President Napolitano has finally spoken – almost four weeks after the elections. He took the only option open short of resigning himself (to allow his successor to call early elections) and that was to give a mandate to Pierluigi Bersani leader of the Democratic Party (PD). But it is a conditional mandate – not directly to form a government but to see if there is the possibility of finding a stable majority to support his government. Then Bersani must report back, probably before Easter though there is no explicit deadline on the mandate.
In an unprecedented speech after giving Bersani the job, Napolitano spoke at length albeit vaguely, about the need for national unity and the need to deal with the pressing economic problems rather than having devisive elections. It was a not very veiled appeal to Bersani to talk to Silvio Berlusconi (centre-right People of Freedom, PdL), to Beppe Grillo (Five Star Movement, M5S) to talk to Bersani and to Berlusconi to actually compromise.
The speech set the tone for Bersani to start the official part of his job (he’s been working on it unofficially since the elections).
His game plan is to end with the parties rather than start negotiating with them from the beginning. First he will seek declarations of support from civil society – the trades unions and employers both of whom want stable government – from associations, Catholic and secular, trade and professional who can also endorse his government. At the same time, he is putting together a lineup for a streamlined cabinet (15 rather than 18 in Monti’s) of people who are either new faces or older ones well outside the party nomenklature; people who are certainly not closely linked to the PD like the present minister of the interior, Anna Maria Cancellieri, the runner-up for the top employers’ federation (Confindustria) job, Alberto Bombassei for Economic Development.
The basis of his programme will be the 8 points he proposed immediately after the elections. As they stand, they are pretty anodyne but the PdL is concerned that new anti-corruption and conflict of interest laws are aimed at Berlusconi (which of course they are). Grillo says they are all within the M5S programme so ignores them.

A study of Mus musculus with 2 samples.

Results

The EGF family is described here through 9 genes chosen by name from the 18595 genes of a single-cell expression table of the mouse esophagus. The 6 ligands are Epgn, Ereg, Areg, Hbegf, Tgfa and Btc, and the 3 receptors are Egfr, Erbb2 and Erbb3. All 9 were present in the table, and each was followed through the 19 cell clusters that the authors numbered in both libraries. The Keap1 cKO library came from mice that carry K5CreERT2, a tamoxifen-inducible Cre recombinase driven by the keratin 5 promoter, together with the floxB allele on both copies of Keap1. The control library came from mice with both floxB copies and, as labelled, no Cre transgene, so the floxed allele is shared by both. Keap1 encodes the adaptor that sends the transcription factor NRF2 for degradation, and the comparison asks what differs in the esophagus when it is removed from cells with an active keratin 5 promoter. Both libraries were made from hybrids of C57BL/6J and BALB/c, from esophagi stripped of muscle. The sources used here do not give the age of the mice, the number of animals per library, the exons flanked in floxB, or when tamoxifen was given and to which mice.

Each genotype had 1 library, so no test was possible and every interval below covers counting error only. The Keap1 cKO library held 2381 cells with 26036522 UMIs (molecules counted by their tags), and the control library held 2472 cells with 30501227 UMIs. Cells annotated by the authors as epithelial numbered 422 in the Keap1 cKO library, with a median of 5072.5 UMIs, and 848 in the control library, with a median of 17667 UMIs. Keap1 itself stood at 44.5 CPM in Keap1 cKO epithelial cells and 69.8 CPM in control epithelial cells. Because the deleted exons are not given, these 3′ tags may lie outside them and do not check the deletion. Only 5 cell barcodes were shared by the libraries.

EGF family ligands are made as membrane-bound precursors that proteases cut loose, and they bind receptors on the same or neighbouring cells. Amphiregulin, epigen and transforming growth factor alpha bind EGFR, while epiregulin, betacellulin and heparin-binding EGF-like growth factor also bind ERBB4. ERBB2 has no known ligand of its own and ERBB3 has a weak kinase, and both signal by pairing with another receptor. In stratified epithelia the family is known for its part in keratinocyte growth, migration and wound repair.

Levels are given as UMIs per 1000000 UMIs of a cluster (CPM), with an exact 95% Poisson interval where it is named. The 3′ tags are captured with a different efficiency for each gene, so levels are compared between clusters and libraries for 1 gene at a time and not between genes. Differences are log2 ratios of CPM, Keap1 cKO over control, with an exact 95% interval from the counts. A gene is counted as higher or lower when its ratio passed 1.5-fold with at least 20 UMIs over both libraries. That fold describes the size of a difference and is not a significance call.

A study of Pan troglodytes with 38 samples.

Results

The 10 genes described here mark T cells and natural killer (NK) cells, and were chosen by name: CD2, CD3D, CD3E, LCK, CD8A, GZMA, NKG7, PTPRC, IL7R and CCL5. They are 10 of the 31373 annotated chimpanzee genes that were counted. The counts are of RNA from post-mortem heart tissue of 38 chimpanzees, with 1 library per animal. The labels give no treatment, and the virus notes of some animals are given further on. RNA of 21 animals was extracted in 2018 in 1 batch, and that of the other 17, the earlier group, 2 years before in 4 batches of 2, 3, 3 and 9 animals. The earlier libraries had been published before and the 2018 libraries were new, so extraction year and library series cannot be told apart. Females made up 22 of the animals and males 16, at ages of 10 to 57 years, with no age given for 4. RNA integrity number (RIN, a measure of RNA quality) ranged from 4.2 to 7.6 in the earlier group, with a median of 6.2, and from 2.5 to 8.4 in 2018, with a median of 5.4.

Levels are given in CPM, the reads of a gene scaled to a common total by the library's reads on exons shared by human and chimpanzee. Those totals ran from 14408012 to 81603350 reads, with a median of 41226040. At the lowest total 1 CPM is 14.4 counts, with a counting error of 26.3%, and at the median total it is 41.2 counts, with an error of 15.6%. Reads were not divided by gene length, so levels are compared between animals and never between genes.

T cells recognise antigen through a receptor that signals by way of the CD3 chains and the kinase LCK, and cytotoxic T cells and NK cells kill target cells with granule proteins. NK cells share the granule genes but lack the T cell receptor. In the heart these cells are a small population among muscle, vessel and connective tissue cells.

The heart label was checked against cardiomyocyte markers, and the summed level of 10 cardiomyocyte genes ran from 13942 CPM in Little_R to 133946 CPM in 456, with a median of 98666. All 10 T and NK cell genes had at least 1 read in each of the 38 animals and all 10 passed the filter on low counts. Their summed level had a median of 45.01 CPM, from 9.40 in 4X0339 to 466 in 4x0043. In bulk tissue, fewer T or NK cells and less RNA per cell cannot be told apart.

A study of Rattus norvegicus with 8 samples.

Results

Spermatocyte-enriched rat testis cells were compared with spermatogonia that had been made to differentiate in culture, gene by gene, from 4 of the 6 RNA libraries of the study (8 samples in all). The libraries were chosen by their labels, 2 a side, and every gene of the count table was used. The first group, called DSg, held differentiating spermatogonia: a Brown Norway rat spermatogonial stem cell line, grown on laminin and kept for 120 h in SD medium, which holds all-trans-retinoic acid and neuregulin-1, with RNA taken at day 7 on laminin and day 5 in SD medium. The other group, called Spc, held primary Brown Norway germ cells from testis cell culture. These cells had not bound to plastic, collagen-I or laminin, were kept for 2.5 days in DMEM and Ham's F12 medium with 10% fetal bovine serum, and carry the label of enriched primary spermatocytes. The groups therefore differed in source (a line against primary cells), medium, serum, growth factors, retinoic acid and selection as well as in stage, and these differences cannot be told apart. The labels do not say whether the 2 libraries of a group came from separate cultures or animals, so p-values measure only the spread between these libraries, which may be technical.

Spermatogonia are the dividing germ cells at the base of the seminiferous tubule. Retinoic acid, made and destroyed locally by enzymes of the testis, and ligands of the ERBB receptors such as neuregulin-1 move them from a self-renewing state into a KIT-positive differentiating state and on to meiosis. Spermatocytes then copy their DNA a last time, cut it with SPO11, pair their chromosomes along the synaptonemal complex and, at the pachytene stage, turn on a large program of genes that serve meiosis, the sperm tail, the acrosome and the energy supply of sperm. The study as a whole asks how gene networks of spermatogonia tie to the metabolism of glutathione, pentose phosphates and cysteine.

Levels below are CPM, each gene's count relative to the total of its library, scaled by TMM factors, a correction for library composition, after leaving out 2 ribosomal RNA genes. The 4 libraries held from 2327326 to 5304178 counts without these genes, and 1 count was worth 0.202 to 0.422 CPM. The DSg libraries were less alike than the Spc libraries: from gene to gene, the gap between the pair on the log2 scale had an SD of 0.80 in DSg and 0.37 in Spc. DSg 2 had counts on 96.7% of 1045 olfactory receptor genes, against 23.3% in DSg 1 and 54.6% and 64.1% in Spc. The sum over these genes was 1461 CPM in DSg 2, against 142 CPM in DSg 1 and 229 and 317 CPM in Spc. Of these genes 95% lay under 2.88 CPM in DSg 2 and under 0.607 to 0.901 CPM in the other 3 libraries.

Grillo’s game plan is not at all clear. Yesterday the M5S Senate spokesman, Vito Crimi first said that if the PD gave up all their public financing “we can talk” and in the evening said “we will not vote a Bersani government confidence motion – what language do you want me to say it in?” Grillo and the movement are in a catch 22 dilemma; they are like a dog that chases after a car and then doesn’t know what to do with it when it’s caught it. If Grillo negotiates with Bersani and comes to a compromise, the pure protest vote will cry “sell-out” and leave him. If he refuses to compromise and forces new elections, then the moderates will return to the PD. Damned if he does, damned if he doesn’t. But for the moment, he holds the cards.
But if Bersani can present a cabinet of clean faces and a programme which matches at least some of the grillini’s main objectives, he might just persuade enough of them to walk out at the vote of confidence.
Silvio Berlusconi and the PdL are playing a double game. Yesterday, their spokesman, Fabrizio Cicchitto said that they were available to work towards a broad coalition to deal with the economy and national interests. Today, Berlusconi and (he hopes) half a million others will fill piazza del Popolo in a protest against the judiciary, a curious position for someone who proclaims himself only interested in national unity but entirely consistent with his previous record. He is at his best in an election campaign or at least at the centre of attention and at the moment he has neither. The PD knows that an alliance with Berlusconi is the kiss of death in an early election so keep him and the PdL at more than arm’s length. And Berlusconi knows that the longer a Bersani or “President’s” government lasts, the more chances there are of him being convicted again and possibly expelled from Parliament by a PD-M5S vote. Time works against him personally and against the very uncertain unity of the PdL.
So he has to return to centre stage either in a Grand Coalition or in early elections.
His allies in the Northern League (LN) say they will not come to a separate deal with Bersani but if Bersani can offer them a constitutional reform which creates a Senate for the Regions, then LN leader, Umberto Maroni might give partial support.
To succeed, Bersani has to translate conditional support into something solid and remove the reciprocal vetoes.
Sisiphus is maybe the wrong metaphor for Bersani. The founder of Corinth had to push a rock; whatever effort he put into the task would hardly damage it while Bersani has to put Sisiphus’s energy into the job but with the precision of a watchmaker. And if and when he completes the fragile structure, he has to persuade Napolitano that it is robust… at least enough to last till next year.
Unlike Sisiphus, though, Bersani is not condemned to an eternal game of government formation. If he doesn’t make it by Easter, as the comic imitator, Maurizio Crozza said in his sketch last night, “after the Easter holidays there’s a ton of bargain package holidays for you to take”.